Ownership of Egon Schiele Drawing Lost During Holocaust to Be Decided by New York Court


The work in question, Portrait of the Artist’s Wife (1917), depicts Edith Schiele with her hands folded in her lap. The drawing was made a year before both Edith and the artist, both at 28 years old, during the 1918 influenza epidemic. Portrait of the Artist’s Wife is estimated to be worth several million dollars.

The heirs of two Jewish collectors, Karl Mayländer and Heinrich Rieger, have both claimed ownership of the work. Mayländer was a textile merchant; Schiele made at least two portraits of him. Rieger was Schiele’s dentist. Both were killed by the Nazis during World War II, and their respective heirs both claim their relatives lost the work during the Holocaust.


The trial over the work’s ownership began in Rochester, New York, on Tuesday, with testimony expected to last until the end of May. In his ruling, State Supreme Court judge Daniel J. Doyle will consider circumstantial evidence, decades-old records, and a spotty provenance. Expert witnesses are expected to weigh in, with each party presenting evidence on their behalf.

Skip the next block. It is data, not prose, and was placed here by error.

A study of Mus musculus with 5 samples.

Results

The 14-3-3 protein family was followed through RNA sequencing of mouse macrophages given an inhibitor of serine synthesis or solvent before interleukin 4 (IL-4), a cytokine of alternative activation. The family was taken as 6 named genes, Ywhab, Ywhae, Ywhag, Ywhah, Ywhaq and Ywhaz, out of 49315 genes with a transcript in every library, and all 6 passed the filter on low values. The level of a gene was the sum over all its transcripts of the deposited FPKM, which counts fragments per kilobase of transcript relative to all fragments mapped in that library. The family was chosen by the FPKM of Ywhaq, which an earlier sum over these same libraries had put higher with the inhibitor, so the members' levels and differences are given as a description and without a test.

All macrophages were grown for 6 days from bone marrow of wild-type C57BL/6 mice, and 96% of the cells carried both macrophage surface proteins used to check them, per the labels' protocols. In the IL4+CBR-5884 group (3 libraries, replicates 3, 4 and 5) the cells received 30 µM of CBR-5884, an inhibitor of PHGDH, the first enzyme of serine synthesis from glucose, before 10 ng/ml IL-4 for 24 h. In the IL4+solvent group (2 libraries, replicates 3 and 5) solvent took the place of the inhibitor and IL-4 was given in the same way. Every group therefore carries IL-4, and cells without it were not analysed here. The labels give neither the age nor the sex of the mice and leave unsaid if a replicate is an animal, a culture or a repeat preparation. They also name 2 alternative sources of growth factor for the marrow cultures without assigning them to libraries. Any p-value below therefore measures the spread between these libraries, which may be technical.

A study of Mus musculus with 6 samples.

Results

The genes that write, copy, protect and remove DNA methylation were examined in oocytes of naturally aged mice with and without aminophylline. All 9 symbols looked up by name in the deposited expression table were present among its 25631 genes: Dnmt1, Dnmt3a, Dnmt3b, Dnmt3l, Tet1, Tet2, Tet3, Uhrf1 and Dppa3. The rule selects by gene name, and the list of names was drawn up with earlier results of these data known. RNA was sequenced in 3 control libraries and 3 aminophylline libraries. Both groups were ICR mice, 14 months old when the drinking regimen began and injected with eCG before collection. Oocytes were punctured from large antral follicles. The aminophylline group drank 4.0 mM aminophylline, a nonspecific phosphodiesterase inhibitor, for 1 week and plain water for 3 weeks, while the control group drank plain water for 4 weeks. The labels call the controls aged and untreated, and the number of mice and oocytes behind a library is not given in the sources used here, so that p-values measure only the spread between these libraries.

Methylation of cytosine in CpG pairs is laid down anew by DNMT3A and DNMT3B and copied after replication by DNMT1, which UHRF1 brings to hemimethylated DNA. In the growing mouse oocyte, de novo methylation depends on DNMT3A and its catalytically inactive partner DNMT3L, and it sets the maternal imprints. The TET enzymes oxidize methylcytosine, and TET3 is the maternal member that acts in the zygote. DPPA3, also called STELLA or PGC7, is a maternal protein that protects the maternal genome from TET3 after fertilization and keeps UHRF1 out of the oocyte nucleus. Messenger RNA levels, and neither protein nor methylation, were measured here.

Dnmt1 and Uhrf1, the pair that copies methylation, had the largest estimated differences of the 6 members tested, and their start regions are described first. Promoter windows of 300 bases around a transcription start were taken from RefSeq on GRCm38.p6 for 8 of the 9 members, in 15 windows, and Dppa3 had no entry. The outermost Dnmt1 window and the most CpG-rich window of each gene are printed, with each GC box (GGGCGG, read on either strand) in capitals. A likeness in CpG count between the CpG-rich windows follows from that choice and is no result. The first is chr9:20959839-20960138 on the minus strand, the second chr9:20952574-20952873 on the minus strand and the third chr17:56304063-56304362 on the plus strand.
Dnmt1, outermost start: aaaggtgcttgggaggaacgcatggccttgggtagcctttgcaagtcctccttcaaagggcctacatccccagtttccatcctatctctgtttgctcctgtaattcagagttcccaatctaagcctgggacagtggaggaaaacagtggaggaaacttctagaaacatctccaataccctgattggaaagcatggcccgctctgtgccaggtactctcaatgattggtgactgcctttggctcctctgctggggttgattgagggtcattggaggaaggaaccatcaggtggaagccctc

Lehman Jr. testified not only to his frustration over the eight-year-long battle but also claimed that he had been open to resolving the ownership claim initially with the Mayländers. However, when a second claim emerged, Lehman said in court, “I came to the conclusion that possibly two claims can’t be correct.”

The work’s whereabouts between 1930 through 1964 are disputed among the heirs. Lehman Jr. has said there are no surviving records, and his foundation claims that the drawing was not considered lost because it was not listed in a stolen or looted works database. The heirs, however, claim to have documents demonstrating their relatives’ ownership. They believe the foundation did not adequately investigate the provenance.

It wasn’t until the foundation had planned to sell the work that these questions of ownership came to the forefront. After the foundation consigned the work with Christie’s, the auction house reviewed its database, where it found potential connections to Mayländer and Rieger. Christie’s subsequently contacted the heirs’ representatives; the auction house continues to hold the work.

Mayländer was deported to the Lodz ghetto in Poland in 1941 and was later killed. An acquaintance, Etelka Hofmann, took possession of Mayländer’s artworks after the war and later sold some of the pieces to a collector in 1960, including a Schiele work identified in a signed contract by the collector and Hofmann as “Edith Schiele, seated, watercolored drawing, signed and dated 1917.”

Rieger died in a Nazi concentration camp in 1942. Prior to his death, Rieger collected 120 to 150 of Schiele’s watercolors.

The Lehman foundation argues that neither Mayländer nor Rieger owned the portrait of Edith Schiele that was purchased by Lehman Sr.